The future of a plan to extend Dave Lyle Boulevard from Rock Hill into Lancaster County didn't get much clearer on Monday, though elected officials, developers and business boosters did something they haven't yet: Get together in the same room to talk about it.
Supporters and skeptics at least got a better sense of where everyone else stands. A lunch meeting called by state Sen. Wes Hayes attracted a larger crowd than expected, with 75 people from both Carolinas showing up at Thursday's Too restaurant. State officials took part as well.
"I hope the roof doesn't cave in or we could have a real governmental problem around here," Hayes said.
The diverse audience -- participants ranged from Charlotte real estate giant Allen Tate to Lancaster County Council Chairman Rudy Carter -- underscored the renewed interest in the project, originally conceived in the late 1980s as a way to connect Dave Lyle near the Rock Hill Galleria to U.S. 521 in Lancaster County.
"This is one of the most important economic development steps in this part of the state," said Tate, who represented a regional roads committee formed through the Charlotte Chamber of Commerce.
Supporters tout a longer Dave Lyle Boulevard as an economic boon that would open up Rock Hill to Lancaster County's booming panhandle area and give motorists another way to reach Charlotte. Their hope is that the state will agree to pick up much of the price tag, estimated around $120 million.
Critics, including at least five York County Council members, argue that York County ought to focus on improving existing roads. That point of view and other familiar questions emerged during a two-hour discussion.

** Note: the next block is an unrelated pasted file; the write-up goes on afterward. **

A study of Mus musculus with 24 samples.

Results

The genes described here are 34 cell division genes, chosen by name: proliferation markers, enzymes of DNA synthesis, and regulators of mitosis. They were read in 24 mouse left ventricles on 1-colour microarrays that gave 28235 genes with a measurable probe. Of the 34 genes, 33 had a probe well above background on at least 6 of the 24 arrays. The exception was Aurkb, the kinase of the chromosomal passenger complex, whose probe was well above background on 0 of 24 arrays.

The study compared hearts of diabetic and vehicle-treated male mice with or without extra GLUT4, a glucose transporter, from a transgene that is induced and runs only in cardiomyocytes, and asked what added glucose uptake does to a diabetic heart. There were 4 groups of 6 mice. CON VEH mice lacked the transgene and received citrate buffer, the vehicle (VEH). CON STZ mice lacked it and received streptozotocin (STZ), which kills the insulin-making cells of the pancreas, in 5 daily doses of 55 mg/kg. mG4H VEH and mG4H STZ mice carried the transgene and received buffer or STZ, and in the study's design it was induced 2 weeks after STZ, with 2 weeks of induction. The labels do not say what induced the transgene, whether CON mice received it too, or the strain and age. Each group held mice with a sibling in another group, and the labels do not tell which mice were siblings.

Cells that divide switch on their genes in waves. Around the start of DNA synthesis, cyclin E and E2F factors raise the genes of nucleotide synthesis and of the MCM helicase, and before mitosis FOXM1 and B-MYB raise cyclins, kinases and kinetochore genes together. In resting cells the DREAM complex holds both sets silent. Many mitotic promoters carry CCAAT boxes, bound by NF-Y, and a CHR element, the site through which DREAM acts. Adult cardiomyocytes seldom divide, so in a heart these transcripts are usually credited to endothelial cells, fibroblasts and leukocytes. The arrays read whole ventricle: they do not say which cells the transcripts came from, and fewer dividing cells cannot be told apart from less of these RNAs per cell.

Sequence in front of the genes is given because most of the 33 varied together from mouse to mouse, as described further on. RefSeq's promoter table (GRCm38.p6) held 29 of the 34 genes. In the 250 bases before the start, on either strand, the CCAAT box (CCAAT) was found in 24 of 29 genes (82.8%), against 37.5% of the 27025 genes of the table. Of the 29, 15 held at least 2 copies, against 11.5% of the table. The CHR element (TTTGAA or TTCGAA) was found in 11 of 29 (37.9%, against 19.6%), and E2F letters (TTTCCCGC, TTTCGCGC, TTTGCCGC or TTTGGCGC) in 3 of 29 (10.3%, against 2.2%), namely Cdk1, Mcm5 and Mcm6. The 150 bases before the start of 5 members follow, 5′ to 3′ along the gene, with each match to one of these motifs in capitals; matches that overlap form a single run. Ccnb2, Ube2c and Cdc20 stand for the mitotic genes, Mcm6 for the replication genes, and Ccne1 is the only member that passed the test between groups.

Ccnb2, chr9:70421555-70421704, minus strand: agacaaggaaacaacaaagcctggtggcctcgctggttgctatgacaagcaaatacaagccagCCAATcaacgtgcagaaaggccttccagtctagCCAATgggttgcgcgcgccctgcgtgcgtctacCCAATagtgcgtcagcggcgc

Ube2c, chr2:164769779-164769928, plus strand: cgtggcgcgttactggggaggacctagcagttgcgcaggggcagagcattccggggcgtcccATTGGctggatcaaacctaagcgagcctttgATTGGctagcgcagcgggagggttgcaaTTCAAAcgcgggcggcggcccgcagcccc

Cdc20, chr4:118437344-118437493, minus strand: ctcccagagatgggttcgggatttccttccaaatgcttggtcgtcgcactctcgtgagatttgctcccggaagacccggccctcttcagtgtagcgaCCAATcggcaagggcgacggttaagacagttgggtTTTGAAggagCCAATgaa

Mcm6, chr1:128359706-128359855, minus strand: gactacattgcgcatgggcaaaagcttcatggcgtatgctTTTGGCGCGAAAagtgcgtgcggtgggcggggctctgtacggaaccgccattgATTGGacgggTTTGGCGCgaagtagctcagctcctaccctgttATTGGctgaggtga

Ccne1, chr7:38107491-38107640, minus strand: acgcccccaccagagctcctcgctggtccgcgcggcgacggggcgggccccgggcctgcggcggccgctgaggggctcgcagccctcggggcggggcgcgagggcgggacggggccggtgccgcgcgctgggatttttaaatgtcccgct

First, the project will face major delays if a decision isn't made soon. That's because an environmental impact study done on the proposed route expires in August 2008 and could take years to be re-done.
To avoid having the study expire, local officials must turn in an application for money to the state before August. Rock Hill Mayor Doug Echols said he hopes that step can happen, if only to keep the conversation alive.
"There ought to be some way of keeping this on the radar screen and not letting those studies lapse," Echols told The Herald afterward. "Otherwise, that's just money down the drain."
The other major question involves a developer's plans for a massive housing development nearby. Newland Communities has amassed more than 1,800 acres and envisions a subdivision that could include 2,700 homes. Based on recent talks with the city, Newland is "optimistic" the project can move forward soon.
County Council Chairman Buddy Motz has said he's open to the extension but only if it doesn't mean approving Newland's plans as well. Motz, however, may have to go it alone in defending that position.
Five County Council members spoke against pursuing the extension at their regular meeting Monday night.
"We're looking to grab $120 million to subsidize somebody's development," Councilman Rick Lee said. "They're afraid to come before us because they're afraid we'll turn them down."
Echols reiterated Monday afternoon that he hopes the two issues can be viewed separately.
"If I have to make a choice, I want the road," Echols said. "But I think it's a matter of answering one question, then you ask the next. I think the road is a valuable asset to the upper part of South Carolina. I'm not pushing the road for Newland's purposes."
Toward the end of the discussion, Wayne Wingate, incoming York County Regional Chamber of Commerce chairman, asked Hayes about creating a task force to keep the process moving. But Hayes politely declined, saying the city and county levels first need to figure out for themselves whether they want to proceed.